SNP’s decision to scrap lip service to human rights has been vindicated

Scotland will reap the benefits of our lowered morality system which the SNP is determined to expand.

By Moan McVulpineadding a new dimension to looking like a pro

They said it couldn’t be done.

But the SNP’s determination to scrap basic morality in the face of human rights abusers was well and truly vindicated this week.

There’s been a thirty per cent rise in Scottish businesses securing contracts with Chinese genocide companies.

By contrast, trade deals between Norway and China fell to a staggering zero due to Norway’s snooty attitude toward Nobel peace prizes and political dissidents.

One of the first major contracts awarded by the SNP government this year was worth £800 million to the Chinese – in return we got two cuddly infertile pandas.

In England, the anti-Scottish Tories had a richt guid laugh at our faux sanctimony over placing contracts with human rights abusers. Dae they no remember whit happened at Berwick in the 14th century?

Labour steeled themsel’s for a barnie, but wee Lament hudnae grasped some basic principles and Sun King Alex smacked her doon as easy as shootin’ sumbody fae the Sudan.

Scottish students contribute to the more than 80 per cent of anti-Scots Scots who find the SNP’s cosying up to Chinese genociders, abhorrent.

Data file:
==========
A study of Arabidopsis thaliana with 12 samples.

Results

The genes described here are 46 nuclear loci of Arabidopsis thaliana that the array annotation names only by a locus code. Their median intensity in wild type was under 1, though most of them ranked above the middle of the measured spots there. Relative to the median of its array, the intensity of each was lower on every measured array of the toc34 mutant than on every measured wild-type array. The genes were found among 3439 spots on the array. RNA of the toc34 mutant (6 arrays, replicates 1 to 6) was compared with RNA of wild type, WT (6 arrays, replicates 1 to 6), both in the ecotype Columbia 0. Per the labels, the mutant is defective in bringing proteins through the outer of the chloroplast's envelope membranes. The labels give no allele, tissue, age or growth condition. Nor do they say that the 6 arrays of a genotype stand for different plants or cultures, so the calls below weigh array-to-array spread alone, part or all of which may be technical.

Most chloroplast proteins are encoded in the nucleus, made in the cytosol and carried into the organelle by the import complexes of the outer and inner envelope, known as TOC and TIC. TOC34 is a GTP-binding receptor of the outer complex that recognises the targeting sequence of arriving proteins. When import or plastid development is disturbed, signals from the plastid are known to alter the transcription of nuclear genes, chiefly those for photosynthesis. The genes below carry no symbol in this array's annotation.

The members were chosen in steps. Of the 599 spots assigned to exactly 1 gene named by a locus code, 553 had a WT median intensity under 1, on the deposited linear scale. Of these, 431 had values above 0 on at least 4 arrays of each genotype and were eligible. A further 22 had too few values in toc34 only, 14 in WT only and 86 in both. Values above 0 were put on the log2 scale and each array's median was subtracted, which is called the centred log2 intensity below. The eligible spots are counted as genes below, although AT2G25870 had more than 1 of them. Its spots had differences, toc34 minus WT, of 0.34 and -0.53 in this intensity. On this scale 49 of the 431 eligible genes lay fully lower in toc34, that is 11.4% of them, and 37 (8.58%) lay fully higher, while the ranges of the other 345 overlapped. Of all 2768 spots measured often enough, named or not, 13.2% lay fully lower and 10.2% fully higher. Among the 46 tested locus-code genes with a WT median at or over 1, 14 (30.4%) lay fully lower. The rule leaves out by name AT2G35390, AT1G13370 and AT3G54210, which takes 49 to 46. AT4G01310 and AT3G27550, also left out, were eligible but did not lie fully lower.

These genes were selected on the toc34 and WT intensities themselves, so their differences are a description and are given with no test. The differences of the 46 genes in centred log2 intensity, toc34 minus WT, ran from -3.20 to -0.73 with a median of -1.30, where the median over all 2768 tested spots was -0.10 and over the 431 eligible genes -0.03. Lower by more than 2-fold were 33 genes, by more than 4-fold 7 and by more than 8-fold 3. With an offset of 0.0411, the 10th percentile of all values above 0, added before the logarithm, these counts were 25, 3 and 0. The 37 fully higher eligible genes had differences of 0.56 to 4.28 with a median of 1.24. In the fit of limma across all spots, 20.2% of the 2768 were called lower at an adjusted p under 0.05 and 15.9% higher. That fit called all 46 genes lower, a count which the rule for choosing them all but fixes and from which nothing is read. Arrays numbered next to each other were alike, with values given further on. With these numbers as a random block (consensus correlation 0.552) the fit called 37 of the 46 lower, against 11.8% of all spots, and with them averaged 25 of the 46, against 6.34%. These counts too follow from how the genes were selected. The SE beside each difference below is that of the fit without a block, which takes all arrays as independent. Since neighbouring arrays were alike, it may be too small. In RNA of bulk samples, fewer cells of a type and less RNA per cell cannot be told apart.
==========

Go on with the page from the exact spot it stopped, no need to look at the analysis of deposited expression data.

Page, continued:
It’s not cheap. It might cost us votes. But it’s a price worth paying.

There’s more Chinese blood contracts to be won.

It will help us build up a multi-million pound blood fund for our future.

Scotland topped the UK league for Chinese investments in 2011, steel, pandas, salmon, petrochemicals, oil production with almost 6000 blood jobs created – over 5999 more than any other British region.

Our politicians are third in the world when it comes to public apologism regarding the Chinese.

We have a reputation to keep up. Souter, Trump, Murdoch, Football Thoughtcrime, Freedom of Information refusal and Chinese genocide embracement – no wonder we’ve rightly been called the Party of One Principle.